By Janna Schiavo of Sterilite Corporation
The leaves are changing and the brisk fall air has crept in, but that doesn’t mean you need to abandon your outdoor spaces. A back yard camp fire is the perfect way to combat the crisp weather. The warmth from the fire will ward off the chill on autumn evenings.
If you do not currently have a fire pit in your back yard there are many commercially available options, or you can create your own. To create your own fire pit: dig a shallow hole (about 3 to 6 inches) to clear out the grass and roots and line the edge with rocks or bricks.
To start the fire, you’ll need to have some paper to ignite the kindling. In order to make sure you have some on hand try getting a spare wastebasket to save your newspaper and other scrap paper instead of throwing it out. Now that the paper is not mixed in with the trash you’ll have a bin of paper ready when it’s time for your campfire.
No campfire is complete without snacks made over the fire. S’mores are a classic that should be at every campfire. Create a s’more kit by keeping your marshmallows, graham crackers and chocolate in a container in the cupboard so you can grab it any time. Using a Sterilite Ultra•Seal™ 16.0 Cup Rectangle Container will keep your graham crackers crispy and your marshmallows fresh and fluffy. You can even use this s’more kit when grilling. If you’re looking to branch out below are some other snacks to try.
Campfire Cinnamon Rolls http://www.whimsy-love.com/2009/08/campfire-roasted-cinnamon-rolls.html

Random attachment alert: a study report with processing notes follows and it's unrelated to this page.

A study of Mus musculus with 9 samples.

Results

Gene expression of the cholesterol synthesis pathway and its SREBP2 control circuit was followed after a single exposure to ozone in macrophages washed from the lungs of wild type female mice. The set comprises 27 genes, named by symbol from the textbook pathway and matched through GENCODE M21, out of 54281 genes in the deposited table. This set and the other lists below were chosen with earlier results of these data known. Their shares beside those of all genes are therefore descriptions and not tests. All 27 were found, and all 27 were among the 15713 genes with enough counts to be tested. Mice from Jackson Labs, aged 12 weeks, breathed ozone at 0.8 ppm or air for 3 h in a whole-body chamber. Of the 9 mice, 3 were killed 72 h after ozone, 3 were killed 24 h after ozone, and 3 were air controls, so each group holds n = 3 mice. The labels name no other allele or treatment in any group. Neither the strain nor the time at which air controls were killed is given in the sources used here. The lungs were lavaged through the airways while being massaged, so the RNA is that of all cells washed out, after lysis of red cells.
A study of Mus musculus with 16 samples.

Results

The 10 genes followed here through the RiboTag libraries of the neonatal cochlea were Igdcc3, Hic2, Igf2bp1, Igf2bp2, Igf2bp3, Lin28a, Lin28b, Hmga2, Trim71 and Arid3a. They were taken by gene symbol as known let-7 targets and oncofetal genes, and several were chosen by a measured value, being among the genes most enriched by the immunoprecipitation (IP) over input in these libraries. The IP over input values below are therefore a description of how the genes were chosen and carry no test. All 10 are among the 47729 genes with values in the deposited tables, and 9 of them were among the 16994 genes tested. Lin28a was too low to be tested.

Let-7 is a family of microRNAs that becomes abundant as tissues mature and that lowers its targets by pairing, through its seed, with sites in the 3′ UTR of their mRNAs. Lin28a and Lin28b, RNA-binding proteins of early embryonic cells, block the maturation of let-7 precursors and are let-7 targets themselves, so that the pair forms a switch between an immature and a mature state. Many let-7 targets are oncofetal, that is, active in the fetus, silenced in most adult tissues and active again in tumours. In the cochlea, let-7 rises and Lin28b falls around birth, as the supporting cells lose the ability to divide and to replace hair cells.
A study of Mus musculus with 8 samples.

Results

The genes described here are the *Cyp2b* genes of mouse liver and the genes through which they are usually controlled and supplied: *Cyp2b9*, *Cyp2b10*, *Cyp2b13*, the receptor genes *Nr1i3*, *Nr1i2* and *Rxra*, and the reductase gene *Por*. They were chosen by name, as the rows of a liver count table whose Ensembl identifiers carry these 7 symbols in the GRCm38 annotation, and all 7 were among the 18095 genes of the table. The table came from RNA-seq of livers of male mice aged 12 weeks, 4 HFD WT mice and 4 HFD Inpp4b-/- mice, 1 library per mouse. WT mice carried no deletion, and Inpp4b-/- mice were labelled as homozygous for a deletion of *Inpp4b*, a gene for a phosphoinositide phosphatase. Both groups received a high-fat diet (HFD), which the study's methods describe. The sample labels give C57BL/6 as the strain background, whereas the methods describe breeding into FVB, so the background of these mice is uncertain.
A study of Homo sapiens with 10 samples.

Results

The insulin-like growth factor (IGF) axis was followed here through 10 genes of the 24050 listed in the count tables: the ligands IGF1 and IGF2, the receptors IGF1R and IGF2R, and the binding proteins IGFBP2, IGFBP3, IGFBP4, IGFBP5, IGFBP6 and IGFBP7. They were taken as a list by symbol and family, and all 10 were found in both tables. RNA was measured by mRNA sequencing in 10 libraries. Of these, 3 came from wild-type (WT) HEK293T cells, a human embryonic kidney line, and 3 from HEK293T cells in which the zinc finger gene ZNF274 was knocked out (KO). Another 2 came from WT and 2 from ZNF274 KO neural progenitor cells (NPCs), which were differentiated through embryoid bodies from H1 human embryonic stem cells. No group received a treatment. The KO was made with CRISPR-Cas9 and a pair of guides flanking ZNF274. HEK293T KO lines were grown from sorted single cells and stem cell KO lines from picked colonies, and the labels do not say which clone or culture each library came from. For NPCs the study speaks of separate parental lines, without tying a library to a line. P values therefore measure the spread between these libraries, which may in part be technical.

Hot Dog Animals – perfect for the kids http://www.sterilite.com/SelectProduct.html?id=499&ProductCategory=212§ion=4
Some sophisticated snacks– great for a girls night http://www.foodnetwork.com/recipes/photos/happy-campers-snacks-on-a-stick.html
Be sure to have a bucket of water handy during your campfire just to be safe. You likely won’t need it until the end of the night when it’s time to put out the fire. However, it is good to have one just in case your marshmallow goes up in flames or your fire spreads accidentally.
This same bucket can be used to round up the cool and dry ashes. You’ll want to remove the ashes from the fire pit periodically. Ashes can be repurposed in many ways so store them in a weather-tight container (like Sterilite Gasket Boxes). Sprinkle ashes around your garden to deter pests like snails and slugs. Ashes are also a great way to add calcium to soil for plants like tomatoes, potatoes and apple trees that thrive in more alkaline soil. It can also be used to clean up grease spills because it is a desiccant. It also absorbs odor so you can save it for later to place a small bowl in the fridge or a stinky room, or rub it on your dog if he or she has been sprayed by a skunk. In the winter ash can be used as an environmentally friendly substitute to rock salt to melt snow and ice and add traction to walkways or a car stuck on ice.